Google Celebrates Hawaiian Singer Israel Kamakawiwo'ole with 'Somewhere Over the Rainbow' Doodle

Today's Google Doodle honors Hawaiian singer Israel Kamakawiwo'ole on what would have been his 61st birthday and celebrates Asian Pacific American Heritage Month in the U.S.

Kamakawiwo'ole, also known as IZ, is remembered around the world for his rendition of "Somewhere Over the Rainbow," which provides the soundtrack to today's Google Doodle video.

Kamakawiwo'ole was also known for his advocacy of Hawaii's values and culture and has been widely referred to as the "Voice of Hawaii."

The singer was born on May 20, 1959, in a suburb in Honolulu and was raised in a native islander family who shared a love of Hawaiian music. By age 10, Kamakawiwo'ole could often be found holding his ukulele against his chest.

In his teens, the singer, his brother, and three friends formed The Mākaha Sons of Niʻihau and achieved popularity with 15 albums blending contemporary and traditional styles of music.

In 1988, Kamakawiwo'ole sat down in a Honolulu recording studio and in a single take performed his cover of "Somewhere Over the Rainbow" with his ukulele. The recording became an international phenomenon and Kamakawiwo'ole achieved commercial success outside of Hawai'i.

In the Doodle's caption, Google says: "But Israel is so much more than one song; with his band and successful solo career, he redefined popular Hawaiian music through his own unique style and spread his love for the islands around the world.

"Thank you, Israel, for providing the soundtrack for Hawaii and for continuing to move hearts around the world through your music."

Israel Kamakawiwoʻole Google Doodle
Today's Google Doodle honors Hawaiian singer Israel Kamakawiwoʻole's birthday during Asian Pacific American Heritage Month in the U.S. Google Doodle

Sophie Diao, the artist behind the Google Doodle, said: "My goal was to make an animated video about Israel's life and legacy as a musician that would complement the relaxed and optimistic tone of the song.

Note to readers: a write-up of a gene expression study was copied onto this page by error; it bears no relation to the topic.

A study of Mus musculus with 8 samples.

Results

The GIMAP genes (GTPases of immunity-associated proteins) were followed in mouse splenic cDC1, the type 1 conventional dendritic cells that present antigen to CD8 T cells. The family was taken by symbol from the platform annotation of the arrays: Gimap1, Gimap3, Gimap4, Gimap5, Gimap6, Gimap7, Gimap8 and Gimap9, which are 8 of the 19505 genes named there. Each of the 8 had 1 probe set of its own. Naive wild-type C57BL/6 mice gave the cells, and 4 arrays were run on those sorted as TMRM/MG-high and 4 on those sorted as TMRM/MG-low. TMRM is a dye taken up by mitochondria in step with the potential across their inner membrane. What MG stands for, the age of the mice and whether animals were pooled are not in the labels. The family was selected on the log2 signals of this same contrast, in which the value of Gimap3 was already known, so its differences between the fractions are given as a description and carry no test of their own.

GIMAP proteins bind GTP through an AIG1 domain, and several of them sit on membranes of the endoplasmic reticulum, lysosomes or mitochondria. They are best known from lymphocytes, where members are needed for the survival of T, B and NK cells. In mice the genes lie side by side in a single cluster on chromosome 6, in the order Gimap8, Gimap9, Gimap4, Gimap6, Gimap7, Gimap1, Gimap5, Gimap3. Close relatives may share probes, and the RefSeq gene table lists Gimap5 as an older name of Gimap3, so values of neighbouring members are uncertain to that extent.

"Stylistically, I wanted it to feel gentle and loose and for it to all flow together. I tried to depict scenes that reflected who Israel was as a person and places in Hawaii that were important to him."

Diao also had the help of Hawaiian artists when creating the Doodle. "I asked Dalani Tanahy of Kapa Hawaii to create traditional Hawaiian kapa for the Doodle that would add depth and dimension to the scene transitions," said the artist.

"I also enlisted the help of Gabrielle Ahuli'i, a Native Hawaiian author and librarian in Honolulu who kindly helped me come up with ideas and gave feedback on the video as it was created. I'm so thankful for the hard work and support of these two women."

The Kamakawiwo'ole family told Google that they are "overwhelmed by the worldwide reach of Israel's music and the reaction of everyone who hears his voice, a voice that instantly touches your heart."

"Having Google create a Doodle for his 61st birthday gives us all reason to again celebrate his life and impact on millions worldwide," said the musician's family.

They said that although "Israel's musical legacy includes critically acclaimed gold and platinum recordings which are recognized and loved throughout the world," what is more important to them, and the greater 'ohana (or family) of Hawaiians, is "the spotlight that his success has brought to Hawaii, his Hawaiian heritage, and, most of all, the Hawaiian people."